What is a blockchain?
A blockchain is a public ledger of all transactions ever executed. These transactions and data are stored in a distributed database. When new data is added, all of the updates are done together in a batch called a 'block'. Each time a new block is produced/added, it is appended on to all of the previous blocks - hence the name "blockchain". Since the data is stored across a global network of computers, there is no one central power that controls or can manipulate the data so once data is created on the blockchain it cannot be removed or overwritten.
Blockchain provides the underlying technology for Bitcoin, allowing individuals to send monetary transactions across borders in minutes without the involvement of any banks or other institutions. Because Bitcoin transactions are stored across the blockchain and therefore can not be altered or corrupted.
Financial transactions are an important example of how blockchain technology can be used, but it's applications are much greater. Essentially any kind of value exchange where something is being shared, validated, endorsed, or sold can be processed and recorded on blockchain. Examples include sharing data, Id verification, transferring ownership, and even voting.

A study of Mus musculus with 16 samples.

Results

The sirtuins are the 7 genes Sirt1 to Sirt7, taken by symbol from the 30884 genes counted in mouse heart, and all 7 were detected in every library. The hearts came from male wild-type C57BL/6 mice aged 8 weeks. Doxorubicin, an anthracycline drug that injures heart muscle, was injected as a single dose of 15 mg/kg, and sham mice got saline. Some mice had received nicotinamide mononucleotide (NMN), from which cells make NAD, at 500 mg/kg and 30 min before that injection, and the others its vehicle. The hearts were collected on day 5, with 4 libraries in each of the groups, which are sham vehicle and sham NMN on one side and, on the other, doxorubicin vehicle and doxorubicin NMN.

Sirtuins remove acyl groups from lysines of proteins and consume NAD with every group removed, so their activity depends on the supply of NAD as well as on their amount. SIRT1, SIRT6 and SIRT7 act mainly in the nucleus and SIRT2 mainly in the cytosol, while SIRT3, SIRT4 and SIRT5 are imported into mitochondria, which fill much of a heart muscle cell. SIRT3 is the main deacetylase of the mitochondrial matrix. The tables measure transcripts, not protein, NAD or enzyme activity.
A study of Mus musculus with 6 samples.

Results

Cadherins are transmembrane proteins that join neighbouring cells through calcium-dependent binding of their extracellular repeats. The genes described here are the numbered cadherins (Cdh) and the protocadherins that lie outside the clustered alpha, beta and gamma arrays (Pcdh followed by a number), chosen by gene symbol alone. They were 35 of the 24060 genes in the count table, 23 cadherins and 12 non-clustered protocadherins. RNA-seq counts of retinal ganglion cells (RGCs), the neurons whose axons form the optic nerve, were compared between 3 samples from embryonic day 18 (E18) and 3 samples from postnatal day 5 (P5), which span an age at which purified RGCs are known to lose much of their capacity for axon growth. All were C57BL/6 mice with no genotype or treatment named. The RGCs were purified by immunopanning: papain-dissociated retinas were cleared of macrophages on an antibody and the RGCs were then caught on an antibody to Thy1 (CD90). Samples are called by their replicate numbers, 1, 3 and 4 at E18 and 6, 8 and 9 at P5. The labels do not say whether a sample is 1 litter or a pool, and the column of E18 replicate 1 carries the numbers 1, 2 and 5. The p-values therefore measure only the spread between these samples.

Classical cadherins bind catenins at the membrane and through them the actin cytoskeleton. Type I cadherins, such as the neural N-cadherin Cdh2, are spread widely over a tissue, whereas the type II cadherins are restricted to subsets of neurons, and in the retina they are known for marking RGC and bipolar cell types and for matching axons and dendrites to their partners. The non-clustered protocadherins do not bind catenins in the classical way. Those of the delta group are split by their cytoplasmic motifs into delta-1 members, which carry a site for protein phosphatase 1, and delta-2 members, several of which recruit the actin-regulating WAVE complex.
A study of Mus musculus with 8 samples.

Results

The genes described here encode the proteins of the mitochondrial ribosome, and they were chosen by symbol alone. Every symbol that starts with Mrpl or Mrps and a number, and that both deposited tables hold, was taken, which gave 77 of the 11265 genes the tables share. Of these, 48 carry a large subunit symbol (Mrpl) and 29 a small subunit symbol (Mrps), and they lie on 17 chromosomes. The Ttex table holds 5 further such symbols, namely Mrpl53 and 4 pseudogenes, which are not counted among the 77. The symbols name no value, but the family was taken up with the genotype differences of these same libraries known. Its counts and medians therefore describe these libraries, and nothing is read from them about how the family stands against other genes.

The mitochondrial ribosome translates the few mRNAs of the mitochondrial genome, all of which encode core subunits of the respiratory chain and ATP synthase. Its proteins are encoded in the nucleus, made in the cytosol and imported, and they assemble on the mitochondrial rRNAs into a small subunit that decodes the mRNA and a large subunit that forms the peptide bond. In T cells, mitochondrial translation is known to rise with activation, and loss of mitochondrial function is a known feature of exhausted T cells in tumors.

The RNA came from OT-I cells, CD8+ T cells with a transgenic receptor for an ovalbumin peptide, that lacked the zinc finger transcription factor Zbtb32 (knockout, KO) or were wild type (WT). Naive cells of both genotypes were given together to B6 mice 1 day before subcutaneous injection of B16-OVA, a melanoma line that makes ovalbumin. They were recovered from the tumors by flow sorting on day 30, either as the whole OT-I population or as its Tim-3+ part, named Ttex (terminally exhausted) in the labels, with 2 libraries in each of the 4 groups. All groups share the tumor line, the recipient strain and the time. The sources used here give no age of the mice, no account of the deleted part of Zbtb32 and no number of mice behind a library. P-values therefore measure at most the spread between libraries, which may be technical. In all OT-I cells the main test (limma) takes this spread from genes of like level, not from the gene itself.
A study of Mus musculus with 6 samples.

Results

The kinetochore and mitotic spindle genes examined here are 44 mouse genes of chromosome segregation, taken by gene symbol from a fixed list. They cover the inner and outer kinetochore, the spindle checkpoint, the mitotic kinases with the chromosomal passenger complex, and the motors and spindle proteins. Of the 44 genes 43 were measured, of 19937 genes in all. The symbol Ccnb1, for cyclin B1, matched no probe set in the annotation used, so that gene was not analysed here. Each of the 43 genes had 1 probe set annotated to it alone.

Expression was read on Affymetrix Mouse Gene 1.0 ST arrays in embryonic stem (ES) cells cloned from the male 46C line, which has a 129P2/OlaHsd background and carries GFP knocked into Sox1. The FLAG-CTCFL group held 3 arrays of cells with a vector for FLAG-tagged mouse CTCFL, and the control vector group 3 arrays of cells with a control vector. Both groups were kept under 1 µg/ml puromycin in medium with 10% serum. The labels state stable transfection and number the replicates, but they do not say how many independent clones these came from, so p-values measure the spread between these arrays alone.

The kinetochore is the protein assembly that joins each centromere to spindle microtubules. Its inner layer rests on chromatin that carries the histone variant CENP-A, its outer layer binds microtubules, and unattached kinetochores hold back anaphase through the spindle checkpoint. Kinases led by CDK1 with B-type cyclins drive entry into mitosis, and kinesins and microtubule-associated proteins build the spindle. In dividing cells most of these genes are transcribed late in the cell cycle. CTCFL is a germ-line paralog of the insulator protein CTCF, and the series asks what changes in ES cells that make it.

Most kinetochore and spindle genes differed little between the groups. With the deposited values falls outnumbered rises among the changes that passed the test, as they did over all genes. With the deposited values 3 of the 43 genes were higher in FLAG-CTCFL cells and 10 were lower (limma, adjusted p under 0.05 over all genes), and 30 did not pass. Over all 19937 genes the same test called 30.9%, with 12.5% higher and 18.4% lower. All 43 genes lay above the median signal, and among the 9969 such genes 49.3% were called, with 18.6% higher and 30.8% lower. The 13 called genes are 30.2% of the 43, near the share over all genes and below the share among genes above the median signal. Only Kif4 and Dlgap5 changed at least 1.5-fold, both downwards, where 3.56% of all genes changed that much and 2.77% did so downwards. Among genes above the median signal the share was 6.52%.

Why use blockchain technology?
Today, almost all of our personal data such as profile data, financial transactions, and passwords are stored on servers controlled by large institutions that centralize and often monetize this data.
The advent of blockchain allows us to create new technologies and organizations that exist without a centralized owner or administrator. This has ushered in a new internet age where digital value exchanges can be done directly between individuals or organizations without a middle man. In addition to removing high fees, friction and control from centralized organizations, this also allows individuals to own, protect and transfer their valuable assets (monetary, property, data, etc.) without depending on other institutions.
The ability to decentralize, transfer and own data powers the vision behind Dock.